The Big Sick
US (2017) Dir. Michael Showalter
I am not going to lie to you – had I known this critically acclaimed film was produced by Judd Apatow I would have given it a wide berth as I have never got on with his films, with the *possible* exception of The 40-Year Old Virgin. Instead, I was seduced by the high praise from critics and film fans alike and decided to give it a go based on that. Did I make a mistake?
Based on a real life scenario it tells of Pakistani born stand-up comedian Kumail Nanjiani (playing himself) now based in Chicago, along with his strict Muslim family, who are constantly trying to marry him off. One night during a gig, Emily Gardner (Zoe Kazan) a white girl in the audience jokingly heckles Kumail. Afterwards they meet up and hit it off, entering into a relationship which Kumail can’t reveal to his family.
Kumail and Emily eventually split when Emily resents being kept a secret from his family but shortly after she is taken ill and Kumail is the one called to the hospital, where he pretends to be Emily’s husband to approve emergency procedure. Emily’s parents Terry (Ray Romano) and Beth (Holly Hunter) arrive and are not impressed with Kumail based on what Emily told them, but their shared concern sees a bond form between them.
Apatow may have only produced this film but it is very much in his style, right down to the obnoxious, foul-mouthed characters, pseudo-edgy comedy and attempts to appear as a relevant contemporary fable but ends up dealing in clichés. That last part may seem a bit harsh given that it is based on true events scripted by the two principals but dramatisations do rely on following certain narrative rules which are exposed here.
The real life Emily is Emily V. Gordon, or Mrs. Nanjiani as she is now known, which isn’t a spoiler since the promotion for the film makes no bones about this tale covering the courtship period of their relationship. We have little reason to dispute any of the central facts presented here so I’m not going to be churlish and level any accusations of overt embellishments to the details and take them at face value.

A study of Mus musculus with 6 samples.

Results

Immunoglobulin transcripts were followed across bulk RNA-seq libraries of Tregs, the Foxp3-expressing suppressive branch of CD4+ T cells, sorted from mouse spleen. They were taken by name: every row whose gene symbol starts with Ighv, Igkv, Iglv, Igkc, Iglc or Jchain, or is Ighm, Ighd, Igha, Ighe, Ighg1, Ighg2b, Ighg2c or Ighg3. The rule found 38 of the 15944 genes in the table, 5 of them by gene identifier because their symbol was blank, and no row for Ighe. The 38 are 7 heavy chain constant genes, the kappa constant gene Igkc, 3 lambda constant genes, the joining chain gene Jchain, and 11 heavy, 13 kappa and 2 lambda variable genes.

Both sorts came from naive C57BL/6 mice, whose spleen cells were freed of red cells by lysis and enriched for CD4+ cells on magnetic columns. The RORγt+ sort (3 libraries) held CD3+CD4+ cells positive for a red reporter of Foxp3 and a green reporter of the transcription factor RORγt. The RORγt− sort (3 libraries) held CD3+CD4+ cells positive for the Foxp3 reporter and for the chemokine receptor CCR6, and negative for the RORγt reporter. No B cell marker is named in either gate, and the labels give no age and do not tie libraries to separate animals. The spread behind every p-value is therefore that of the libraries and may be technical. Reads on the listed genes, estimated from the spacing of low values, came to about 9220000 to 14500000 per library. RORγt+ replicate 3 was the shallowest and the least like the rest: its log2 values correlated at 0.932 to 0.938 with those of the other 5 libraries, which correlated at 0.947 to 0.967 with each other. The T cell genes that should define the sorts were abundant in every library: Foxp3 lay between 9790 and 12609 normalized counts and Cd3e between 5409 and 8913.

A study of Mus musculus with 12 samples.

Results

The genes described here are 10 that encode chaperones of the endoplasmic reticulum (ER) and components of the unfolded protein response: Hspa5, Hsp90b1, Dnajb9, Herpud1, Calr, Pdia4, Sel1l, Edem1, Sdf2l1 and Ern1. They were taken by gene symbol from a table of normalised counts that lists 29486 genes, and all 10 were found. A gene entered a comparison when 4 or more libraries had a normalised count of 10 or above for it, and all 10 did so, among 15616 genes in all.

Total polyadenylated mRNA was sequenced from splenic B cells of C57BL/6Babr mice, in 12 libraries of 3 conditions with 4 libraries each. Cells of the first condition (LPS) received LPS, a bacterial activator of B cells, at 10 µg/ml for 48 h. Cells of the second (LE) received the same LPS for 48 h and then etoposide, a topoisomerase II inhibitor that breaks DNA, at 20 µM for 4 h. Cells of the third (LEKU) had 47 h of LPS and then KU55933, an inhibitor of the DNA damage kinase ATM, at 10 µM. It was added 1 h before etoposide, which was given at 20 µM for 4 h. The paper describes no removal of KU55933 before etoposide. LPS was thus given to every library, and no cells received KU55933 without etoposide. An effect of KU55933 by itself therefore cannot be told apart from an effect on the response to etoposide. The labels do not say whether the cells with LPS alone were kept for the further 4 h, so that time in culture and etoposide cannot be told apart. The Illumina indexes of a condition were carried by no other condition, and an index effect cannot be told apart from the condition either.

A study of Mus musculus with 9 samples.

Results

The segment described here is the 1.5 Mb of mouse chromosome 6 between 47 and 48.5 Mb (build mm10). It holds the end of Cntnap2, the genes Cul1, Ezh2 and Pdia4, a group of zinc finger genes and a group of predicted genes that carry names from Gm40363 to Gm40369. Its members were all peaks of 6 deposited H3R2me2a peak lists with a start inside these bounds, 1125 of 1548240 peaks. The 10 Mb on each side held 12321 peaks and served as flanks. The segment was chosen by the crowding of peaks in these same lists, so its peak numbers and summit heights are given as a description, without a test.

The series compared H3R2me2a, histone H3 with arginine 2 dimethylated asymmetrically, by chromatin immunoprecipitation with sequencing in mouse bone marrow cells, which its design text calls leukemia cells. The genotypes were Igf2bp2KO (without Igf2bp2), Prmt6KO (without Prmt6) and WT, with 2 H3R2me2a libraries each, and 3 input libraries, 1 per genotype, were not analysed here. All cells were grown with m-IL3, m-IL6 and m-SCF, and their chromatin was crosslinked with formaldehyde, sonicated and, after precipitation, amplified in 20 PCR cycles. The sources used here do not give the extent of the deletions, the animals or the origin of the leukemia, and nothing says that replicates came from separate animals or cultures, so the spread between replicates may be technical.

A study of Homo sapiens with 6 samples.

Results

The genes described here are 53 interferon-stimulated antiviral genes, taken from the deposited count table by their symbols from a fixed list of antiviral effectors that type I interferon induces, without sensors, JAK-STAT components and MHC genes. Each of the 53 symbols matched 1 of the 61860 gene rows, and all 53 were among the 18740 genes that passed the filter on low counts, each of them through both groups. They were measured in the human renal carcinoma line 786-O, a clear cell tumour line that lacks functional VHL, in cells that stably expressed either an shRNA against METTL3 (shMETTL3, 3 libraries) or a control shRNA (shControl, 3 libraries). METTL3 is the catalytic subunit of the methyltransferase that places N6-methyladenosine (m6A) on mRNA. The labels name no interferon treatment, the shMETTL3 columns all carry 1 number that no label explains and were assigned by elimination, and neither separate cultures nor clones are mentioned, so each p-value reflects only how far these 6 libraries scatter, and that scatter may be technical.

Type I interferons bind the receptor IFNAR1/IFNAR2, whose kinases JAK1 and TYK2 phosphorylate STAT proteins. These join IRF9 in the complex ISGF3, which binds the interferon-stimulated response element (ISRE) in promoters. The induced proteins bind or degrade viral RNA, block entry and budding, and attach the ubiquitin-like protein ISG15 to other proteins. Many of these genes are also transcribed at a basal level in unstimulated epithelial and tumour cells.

But this doesn’t prevent the characters being horribly unlikeable and affected that it deters any emotional investment in them from the start – maybe not Kumail and Emily necessarily, but Kumail’s comedian friends, especially CJ (Bo Burnham), a colossal dick and an unfunny one at that, constantly telling fellow stand-up Chris (Kurt Braunohler) he should quit comedy.
Also unable to endear themselves to us are Kumail’s parents, Sharmeen (Zenobia Shroff) and Azmat (Anupam Kher), devout intransigent Muslims whose main role seems to be to antagonise everyone onscreen and off. It is the stifling dogma they exercise in refusing to allow Kumail to follow his own path in life and be a “good Muslim” son that ruins his relationship with Emily when Kumail is forced to keep his comedy vocation and Emily a secret from them.
It’s Romeo & Juliet for a modern, multi-cultural society and one that has blighted many a love story for other couples too: dating outside of one’s religion (I’m glad I’m an atheist – no such petty burdens here). Emily and her parents don’t give the tiniest of hoots but they are not the problem, but Emily is hurt when she learns that while her folks want to meet Kumail, his parents don’t even know she exists.
As a fan of world cinema, I have a respect for other cultures and their traditions, but that doesn’t mean I have to agree with them. One bugbear for me is the stubborn adherence to outdated indoctrination, in this instance arranged marriages, a subject featured in a number of films and never fails to infuriate me.
Kumail has a box full of photos of prospective Muslim brides chosen by his parents that he wants no part of, and when the truth finally comes out, he is told he is a bad son, selfish and wrong before being kicked out of the family. I should really praise the actors playing the parents for being so convincing in their roles as they do make your blood boil and show no contrition for their inflexible attitude and heartless despatch of their son whilst preaching about the sanctity of family.
Providing the other drama is the illness that becomes life threatening for Emily which is only treated thanks to Kumail, who was at the hospital every day next to Emily’s parents, yet she still refuses to see him. Terry and Beth initial dismiss Kumail based on Emily’s reports but his stubborn resolve to be there wins them over, and they actually bond at a stand-up gig when a heckler tells Kumail to “go back to ISIS” and Beth rallies in his defence.
Ray Romano and Holly Hunter’s arrival as Terry and Beth brings the film to life just as the hitherto coasting storyline picks up pace. They are still portrayed as flawed Apatow-esque archetypes but the chemistry of the two actors bursts off the screen and adds a more realistic dynamic to the proceedings.
Kumail I’m afraid to say has little charisma or screen presence which isn’t good for a comedian, but he handles the confrontations with his family well enough to root for him. Zoe Kazan ironically perks up when playing sick Emily, otherwise she plays her as a typical twee American millennial, talking in that annoying whiny, croaky voice and full of self-righteous indignation.
So, I find myself in the minority in not finding The Big Sick to be the hilarious and heart warming film everyone else did. I didn’t hate it like I thought I might but I couldn’t find any connection with the characters beyond feeling angry for Kumail for having such supercilious parents. At least it all worked out in the end for Kumail and Emily so good luck to them.